Microsoft is trying to change the terms of the NSA debate — literally.
The company is labeling any government effort to spy on its online communications as evidence of an "advanced persistent threat," a term that's so far been reserved to describe foreign espionage units such as the one allegedly operated by the Chinese military.
"We are especially alarmed by recent allegations in the press of a broader and concerted effort by some governments to circumvent online security measures – and in our view, legal processes and protections – in order to surreptitiously collect private customer data," Microsoft's top lawyer, Brad Smith, wrote Wednesday in a blog post.
An advanced persistent threat is somebody who gains access to an actor's network and hides there while stealing sensitive information for a long period of time. Any old hacker can attempt a break-in and set off alarm bells in the process. But it takes a sophisticated attacker to infiltrate a network without anyone knowing.
The NSA's attempt to snoop on Microsoft's data center traffic, undetected, reasonably fits this description. Since former NSA contractor Edward Snowden exposed the government surveillance earlier this summer, tech companies have generally refrained from using the term — mostly because of the NSA's use of legal, if controversial, secret court orders. But it now appears that, at least in Microsoft's case, the rhetorical gloves have come off.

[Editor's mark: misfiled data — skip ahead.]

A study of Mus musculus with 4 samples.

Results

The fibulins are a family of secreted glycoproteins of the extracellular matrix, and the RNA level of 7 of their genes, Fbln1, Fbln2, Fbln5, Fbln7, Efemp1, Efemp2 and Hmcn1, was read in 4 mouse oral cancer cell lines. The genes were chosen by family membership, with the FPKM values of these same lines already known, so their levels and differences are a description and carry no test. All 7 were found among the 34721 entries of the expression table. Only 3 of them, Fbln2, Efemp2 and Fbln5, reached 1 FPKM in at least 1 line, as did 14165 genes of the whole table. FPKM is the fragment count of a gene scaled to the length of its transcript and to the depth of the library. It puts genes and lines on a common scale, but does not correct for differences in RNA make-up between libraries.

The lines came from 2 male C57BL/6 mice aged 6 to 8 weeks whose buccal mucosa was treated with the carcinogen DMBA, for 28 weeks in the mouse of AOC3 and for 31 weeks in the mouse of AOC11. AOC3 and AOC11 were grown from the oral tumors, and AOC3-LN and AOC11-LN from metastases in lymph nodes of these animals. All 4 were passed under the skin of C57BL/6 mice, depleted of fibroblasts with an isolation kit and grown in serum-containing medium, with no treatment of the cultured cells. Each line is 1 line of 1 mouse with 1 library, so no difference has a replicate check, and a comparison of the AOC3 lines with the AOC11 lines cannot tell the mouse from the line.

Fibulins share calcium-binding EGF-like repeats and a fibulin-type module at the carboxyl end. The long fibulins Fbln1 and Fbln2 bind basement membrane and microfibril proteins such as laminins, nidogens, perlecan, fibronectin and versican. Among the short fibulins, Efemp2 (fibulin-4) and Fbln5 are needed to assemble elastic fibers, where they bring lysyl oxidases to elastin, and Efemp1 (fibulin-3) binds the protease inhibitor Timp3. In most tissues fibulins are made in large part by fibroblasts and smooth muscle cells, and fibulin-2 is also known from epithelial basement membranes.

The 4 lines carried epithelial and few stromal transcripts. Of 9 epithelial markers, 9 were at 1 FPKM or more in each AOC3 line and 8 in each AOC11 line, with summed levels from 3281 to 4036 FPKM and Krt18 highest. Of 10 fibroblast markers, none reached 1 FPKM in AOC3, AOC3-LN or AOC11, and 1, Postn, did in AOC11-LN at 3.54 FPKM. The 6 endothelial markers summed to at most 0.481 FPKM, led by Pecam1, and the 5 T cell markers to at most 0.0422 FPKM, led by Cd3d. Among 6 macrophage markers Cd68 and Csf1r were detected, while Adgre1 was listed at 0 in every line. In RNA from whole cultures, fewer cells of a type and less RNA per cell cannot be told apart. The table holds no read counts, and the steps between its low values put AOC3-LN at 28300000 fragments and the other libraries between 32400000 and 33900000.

Americans were first introduced to the term "advanced persistent threat," or APT, in February when The New York Times reported on a Chinese unit's infiltration of its own network. Mandiant, the external security firm that the Times hired to investigate the intrusion, gave it the codename APT1. The report came just as the White House was preparing an executive order on the nation's vulnerability to cyberattacks.
While Silicon Valley has spent weeks demanding more transparency from the NSA — perhaps in part to deflect attention from its cooperation with government data requests — Microsoft's change in terminology is also a shift in tone. Until now, the surveillance debate has been framed as a matter of legal compliance. Tech companies universally disavow granting direct server access to the NSA but have defended their responsibility to cooperate with law enforcement. The government's bulk metadata collection has also raised questions about the practice's constitutionality and about whether Congress was fully briefed as the law requires.
But the term "advanced persistent threat" is uniquely associated with the realm of online espionage and cyberwarfare, not law. It implicitly brands the NSA's data-stream snooping as criminal behavior, and is remarkably strong language.
In an environment where superior technical ability often trumps politics, however, it's far from clear that Microsoft's pivot will create the public pressure it's seeking.